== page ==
Barry Jackson

Heat’s Reed, with opt-out, helping stock; Heat playoff, injury update; Dragic’s ‘Russia’ response

TORONTO - Willie Reed wanted to sign with the Heat last summer partly because he believed this coaching staff could help elevate his game.

The staff has done such a good job, Reed might have priced himself out of Miami.

Reed appears likely to exercise an opt out clause that would allow him to become a free agent instead of staying in Miami for $1.5 million next season. He was originally slated to make $1.1 million next season, but his salary was boosted to $1.5 million by a new clause in the labor agreement.

But because most teams will have substantial cap space this summer and there’s always interest in skilled, young big men, it’s conceivable he could get an offer twice the $1.5 million, or even more considering the progress he has made this season, combined with his good work when filling in for Hassan Whiteside as a starter.

Reed’s five starts this season include a 22-point, 18-rebound game in Phoenix, a 22-point, 12-rebound game against the Clippers and a 20-point, five rebound game in Chicago.

After his big game in Phoenix in January, Reed said Clippers center DeAndre Jordan approached him and “said he had seen him and watched the film. He told me congratulations but also told me I wasn't going to get that against him. Knowing people recognize what I'm doing is amazing.”

Despite Jordan’s comment, Reed had another 22-point game against the Clippers.

“I've grown a lot in my game, working with the coaching staff every day,” Reed said. “The Heat does a great job of getting you in great shape. My body has changed for the better. I've been able to hold my ground better because I've gotten stronger. I've been a solid defender. I've gotten better offensively. I still have a long way to go. If I keep working, the sky's the limit.”

Reed, who’s averaging 5.2 points on 55.7 percent shooting, 4.6 rebounds and 14.6 minutes, said “I think I've proved that I belong, that I can be a factor in this league for time to come. All I wanted to do was play in the NBA since I was a kid. Once I got here, all I wanted to prove was I belong. I want to continuously show everyone I belong and I can be a factor in this league.”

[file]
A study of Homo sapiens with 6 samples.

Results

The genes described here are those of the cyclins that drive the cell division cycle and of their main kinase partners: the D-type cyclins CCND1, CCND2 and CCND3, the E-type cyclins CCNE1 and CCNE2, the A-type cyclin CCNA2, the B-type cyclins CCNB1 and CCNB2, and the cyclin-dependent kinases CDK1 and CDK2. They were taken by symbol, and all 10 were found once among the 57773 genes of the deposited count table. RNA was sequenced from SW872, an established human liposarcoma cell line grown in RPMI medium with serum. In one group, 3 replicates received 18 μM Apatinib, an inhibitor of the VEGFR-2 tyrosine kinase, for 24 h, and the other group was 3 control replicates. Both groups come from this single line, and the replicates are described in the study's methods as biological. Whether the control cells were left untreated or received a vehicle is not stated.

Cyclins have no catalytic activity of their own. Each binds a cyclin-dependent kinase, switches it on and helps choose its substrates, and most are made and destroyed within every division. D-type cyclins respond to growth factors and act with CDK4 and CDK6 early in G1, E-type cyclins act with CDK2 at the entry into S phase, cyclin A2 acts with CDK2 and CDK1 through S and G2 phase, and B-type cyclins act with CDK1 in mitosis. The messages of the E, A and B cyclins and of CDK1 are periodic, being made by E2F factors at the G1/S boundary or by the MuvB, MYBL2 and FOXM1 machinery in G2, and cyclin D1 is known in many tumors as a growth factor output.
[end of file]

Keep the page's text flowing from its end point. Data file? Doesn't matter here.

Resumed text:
Though the Heat will have $40 million or so in cap space this summer, its ability to sign several of its backups will depend on whether its can lure high-end players with most of its space. The Heat also has a $4.3 million exception that cannot be combined with cap space but that might be enough to keep Reed if Miami chooses.

“I can't lie and say it doesn't cross your mind,” he said of this summer.

Does he hope to stay? “Once the season ends, I'll make that decision,” he said. “Right now, I'm not even thinking about that.”

Coach Erik Spoelstra said Friday that what has most pleased him about Reed has been “his approach to come in every day to try to get better regardless of what happened in the game. He's earned a consistent role for the first time in his career where he has really embraced backing up Hassan [Whiteside], giving us a lot of the same qualities, a bundle of energy in those 12 to sometimes 20 minutes a game. He's really been consistent with his approach to improve and that's why he's been one of our most improved players since the first day of camp.”


Spoelstra said it’s unlikely that forward Luke Babbitt will play against Toronto because of a hip flexor injury that already has sidelined him one game.

“The goal is to be back before the end of the regular season,” Babbitt said after the team’s shootaround at Air Canada Center.

• Asked if there’s a real chance Dion Waiters can return before the end of the regular season or whether it’s increasingly unlikely, Spoelstra said: “I'm always open. He's still day to day. There isn't a new update. We want to caution on putting a timeline on it but he's making good progress.”

Waiters, who did not travel on this road trip, has missed nine games with the ankle injury.

• The Heat (38-40) enters Friday’s game in ninth in the East, one half game behind No.7 Chicago and No. 8 Indiana, who are both 39-40. Milwaukee (40-39) is sixth.

Asked if he was tracking the Thursday results – when Chicago and Indiana won – guard Goran Dragic said: “I would lie if I say no. Of course I check the scores. At the end, I'm not like, 'Indiana won last night, we're done.’ We're still in the driver's seat. If we take care of our business, we are in good spot."

Miami owns the tiebreaker with Indiana and Milwaukee but would lose a tiebreaker to Chicago.

“Our guys have been on edge for a long time,” Spoelstra said.

“We've been in that one-game season, it feels like three months. To be able to dig back from where we were, you couldn't have too many hiccups.”

• During Wednesday’s game in Charlotte, Dragic, who is from Slovenia, had a quick response to a fan who heckled him to “Go back to Russia.”

Dragic said simply: “I’m not from Russia.”

Dragic likened these comments to a fan telling someone to “go back to Mexico…. They want to provoke you. It's always something.

‘Dragic, your last name should be tragic.’ One ear in, one ear out.”

Dragic said foreign-born players hear these type of comments more in international settings. “Over there, they're throwing coins. Our bench [for the Slovenian national team] is covered with plastic [for coins]. A lot of games they're yelling some stuff that's really inappropriate, especially war stuff. You have to let it go.”